Mark is porbably going to have more electrical
adventures getting across the Pacific, but the multimeter tests he ran can tell a lot about his system:
Check voltage before, during and after charging
The 'Lights' mentioned are 4 cabin
12.32 volts at 6.59pm
13.30 volts 7.01pm
13.55 volts 7.30pm with lights on 13.38 volts
13.61 volts 7.50pm with lights on 13.44 volts
13.60 volts at 8pm with lights on 13.42 volts
12.77 volts with lights on 12.57 volts
12.68 volts 8.06 after a drain to remove surface charge.
So what is his multimeter saying:
1. His alternator
works, bringing the batteries up to their regulated voltage of 13.6 volts after half an hour's charging
2. The regulator
is likely a single
stage internal type, which maintains the output terminal of the regulator
at 13.6 to 13.8 volts (you can put the multimeter directly on the output terminal to get a more accurate value).
3. The voltage reading at the battery
comes up to 13.55 volts by 730 pm, which is less than the voltage at the alternator
due to the voltage drop through the charging wire. This is the end of the bulk phase of charging, where the batteries are taking the entire potential output of the alternator.
4. The battery
voltage slowly rises from 13.55v at 730 pm to 13.60v at 800 pm during the acceptance phase of the charging cycle. The voltage at the alternator is held constant by the regulator, and the current
going into the batteries slowly drops over time. The small increase in voltage at the battery terminals is because the voltage drop in the wire (and any connections) from the alternator to the battery is decreasing as the charging current
5. The 0.17 volt decrease in battery voltage when the lights are turned on is most likely due to the voltage loss in the wire from the alternator to the battery. The regulator is boosting the alternator output current to compensate for the light load, and the increased current leads to a larger voltage sag from the alternator to the battery. Here the multimeter test is telling us something else--this voltage sag seems too big for the light load(which I assume to be up to 5 amps), and its time for some more work.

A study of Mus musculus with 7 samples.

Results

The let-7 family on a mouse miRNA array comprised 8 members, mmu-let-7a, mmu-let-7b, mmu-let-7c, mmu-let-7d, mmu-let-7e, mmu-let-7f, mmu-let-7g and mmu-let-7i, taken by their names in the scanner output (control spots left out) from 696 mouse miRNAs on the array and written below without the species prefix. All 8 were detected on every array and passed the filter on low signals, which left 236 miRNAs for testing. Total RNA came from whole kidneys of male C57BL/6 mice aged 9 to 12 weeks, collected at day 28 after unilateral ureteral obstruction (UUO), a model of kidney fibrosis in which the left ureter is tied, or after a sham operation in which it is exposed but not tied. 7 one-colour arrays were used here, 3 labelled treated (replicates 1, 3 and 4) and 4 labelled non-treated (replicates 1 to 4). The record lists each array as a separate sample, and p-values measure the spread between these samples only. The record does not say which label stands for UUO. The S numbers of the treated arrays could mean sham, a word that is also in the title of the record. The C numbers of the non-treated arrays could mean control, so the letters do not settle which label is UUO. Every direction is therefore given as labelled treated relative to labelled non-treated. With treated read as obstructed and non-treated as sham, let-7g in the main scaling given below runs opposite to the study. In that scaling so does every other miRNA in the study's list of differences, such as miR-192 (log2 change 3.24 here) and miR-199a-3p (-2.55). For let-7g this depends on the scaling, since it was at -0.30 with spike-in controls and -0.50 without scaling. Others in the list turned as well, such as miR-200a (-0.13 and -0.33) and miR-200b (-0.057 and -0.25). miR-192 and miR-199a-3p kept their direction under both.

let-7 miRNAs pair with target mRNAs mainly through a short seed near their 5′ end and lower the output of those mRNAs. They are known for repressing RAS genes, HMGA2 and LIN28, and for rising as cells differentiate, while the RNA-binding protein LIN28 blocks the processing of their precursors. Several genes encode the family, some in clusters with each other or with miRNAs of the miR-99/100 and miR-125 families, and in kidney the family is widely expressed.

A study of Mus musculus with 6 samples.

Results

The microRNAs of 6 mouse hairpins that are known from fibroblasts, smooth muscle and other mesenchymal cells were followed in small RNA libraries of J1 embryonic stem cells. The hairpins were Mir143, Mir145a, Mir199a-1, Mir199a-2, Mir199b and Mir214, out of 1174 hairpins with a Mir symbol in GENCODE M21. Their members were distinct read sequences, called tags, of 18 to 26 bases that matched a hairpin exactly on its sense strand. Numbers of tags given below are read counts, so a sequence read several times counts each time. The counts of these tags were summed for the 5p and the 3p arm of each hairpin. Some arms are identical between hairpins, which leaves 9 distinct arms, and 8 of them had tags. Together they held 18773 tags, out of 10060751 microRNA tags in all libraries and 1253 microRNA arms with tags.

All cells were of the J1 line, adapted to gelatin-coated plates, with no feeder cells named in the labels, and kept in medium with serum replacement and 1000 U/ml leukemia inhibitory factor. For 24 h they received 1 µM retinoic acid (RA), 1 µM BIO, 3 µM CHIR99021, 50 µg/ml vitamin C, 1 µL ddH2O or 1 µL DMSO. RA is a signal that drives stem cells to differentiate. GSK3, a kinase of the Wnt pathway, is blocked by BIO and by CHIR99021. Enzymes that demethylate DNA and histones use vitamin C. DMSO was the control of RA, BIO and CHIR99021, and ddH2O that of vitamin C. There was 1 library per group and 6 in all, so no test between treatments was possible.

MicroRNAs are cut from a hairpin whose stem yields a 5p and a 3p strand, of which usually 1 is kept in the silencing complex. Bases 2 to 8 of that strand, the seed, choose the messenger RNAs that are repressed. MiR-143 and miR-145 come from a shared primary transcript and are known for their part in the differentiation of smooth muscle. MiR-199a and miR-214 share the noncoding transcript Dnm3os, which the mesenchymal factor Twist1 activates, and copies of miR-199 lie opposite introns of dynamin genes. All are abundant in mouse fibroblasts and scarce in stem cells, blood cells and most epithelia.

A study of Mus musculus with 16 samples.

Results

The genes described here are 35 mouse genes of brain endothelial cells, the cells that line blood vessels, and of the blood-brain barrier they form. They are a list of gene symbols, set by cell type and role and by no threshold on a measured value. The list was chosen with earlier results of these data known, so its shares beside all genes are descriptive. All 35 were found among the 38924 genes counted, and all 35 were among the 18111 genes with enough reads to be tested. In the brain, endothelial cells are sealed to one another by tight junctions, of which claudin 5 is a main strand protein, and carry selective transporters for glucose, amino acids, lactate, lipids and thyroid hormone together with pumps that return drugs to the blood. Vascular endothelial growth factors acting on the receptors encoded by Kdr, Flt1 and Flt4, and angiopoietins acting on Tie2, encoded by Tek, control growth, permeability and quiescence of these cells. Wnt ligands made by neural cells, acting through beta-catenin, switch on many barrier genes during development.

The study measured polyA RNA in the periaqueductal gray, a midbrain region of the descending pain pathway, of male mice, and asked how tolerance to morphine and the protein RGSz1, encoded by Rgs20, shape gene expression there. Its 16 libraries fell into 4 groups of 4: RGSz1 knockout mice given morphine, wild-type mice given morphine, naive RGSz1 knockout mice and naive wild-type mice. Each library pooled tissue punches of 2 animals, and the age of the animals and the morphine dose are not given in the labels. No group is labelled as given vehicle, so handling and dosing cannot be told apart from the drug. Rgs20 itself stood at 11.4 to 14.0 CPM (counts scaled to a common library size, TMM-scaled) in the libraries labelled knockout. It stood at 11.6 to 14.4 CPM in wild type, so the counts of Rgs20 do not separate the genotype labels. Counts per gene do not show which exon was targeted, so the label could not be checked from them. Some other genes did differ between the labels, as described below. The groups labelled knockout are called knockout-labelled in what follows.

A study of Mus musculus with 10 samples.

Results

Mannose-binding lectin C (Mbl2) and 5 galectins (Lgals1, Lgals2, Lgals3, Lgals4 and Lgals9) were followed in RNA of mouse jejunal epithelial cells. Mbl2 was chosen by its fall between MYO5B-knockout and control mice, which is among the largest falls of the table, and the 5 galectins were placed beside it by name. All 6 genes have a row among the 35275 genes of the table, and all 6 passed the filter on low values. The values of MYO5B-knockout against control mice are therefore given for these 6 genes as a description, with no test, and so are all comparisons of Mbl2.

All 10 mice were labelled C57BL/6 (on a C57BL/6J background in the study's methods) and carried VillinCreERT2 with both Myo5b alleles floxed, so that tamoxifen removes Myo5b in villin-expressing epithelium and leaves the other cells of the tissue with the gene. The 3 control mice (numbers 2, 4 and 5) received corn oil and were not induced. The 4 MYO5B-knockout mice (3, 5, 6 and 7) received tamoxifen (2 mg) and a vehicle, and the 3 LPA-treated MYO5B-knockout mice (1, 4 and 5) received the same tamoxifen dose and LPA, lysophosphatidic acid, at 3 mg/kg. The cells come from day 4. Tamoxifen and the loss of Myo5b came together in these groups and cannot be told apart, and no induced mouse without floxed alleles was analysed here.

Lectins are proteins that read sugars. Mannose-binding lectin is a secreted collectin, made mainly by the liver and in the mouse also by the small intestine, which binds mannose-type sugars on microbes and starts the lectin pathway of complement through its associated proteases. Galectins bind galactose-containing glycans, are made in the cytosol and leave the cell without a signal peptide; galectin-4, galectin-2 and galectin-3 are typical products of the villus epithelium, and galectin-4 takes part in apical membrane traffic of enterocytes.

First, clean all the connections between the alternator and the battery (both hot side and ground). It may not change things, but it certainly can't hurt and doesnt cost anything. You can also measure the voltage drop across each connection while the battery is being charged at high current--the dirtier connections will have the highest voltage drop.
Second, measure the alternator output terminal voltage to see if it changes when the lights go on. It should in the first half hour of charging, when the alternator is putting out all it can, and its output is shared by the light load and the battery charging load,. However, if you have been charging for more than 45 minutes (well into the acceptance phase where the alternator is controlled by the regulator) and the alternator voltage drops by more than 0.05v when the lights come on, then you have a dodgy regulator.
Finally, determine if the wire from the alternator to the battery is big enough (#4 or lower) for 80 amps. If it is too small, which is a common problem in production and charter
boats, put this on your list for when you get across the pond.
As pointed out in other posts, your battery bank is to small for sustained performance. Every time you discharge and recharge the batteries they are losing capacity. This loss is non-linear, so that 4 discharge cycles which take out 25% of the bank's capacity will cause less capacity loss than 2 discharge cycles which take out 50%. Thus, to nurse your batteries across the Pacific, you are better off charging for 1/2 hour every 6 hours, than charging for an hour every 12 hours, or especially 2 hours every 24 hours. Discharge batteries also suphate with time, and since you don't have the capacity for equalizing the batteries, the more frequent charging regime will also help with that problem.
One final comment--while you are in the initial bulk phase (alternator maxed out), the battery voltage and the charging current will vary with engine rpm
. The battery voltage will gradually be going up anyway, but you will probably be able to see a higher voltage as you bring the engine rpm
up. With practice you will find a 'sweet spot' probably between 1000 and 1500 rpm where the engine is smooth, the alternator output is a high percentage of maximum, and you aren't burning too much fuel
. The engine gurus are going to jump in and tell you that running at a fast idle is not good for the engine, but you won't wear it out in a few hundred hours, and you can put in a fancy regulator, bigger batteries, solar panels
, etc. when you get back to the first world.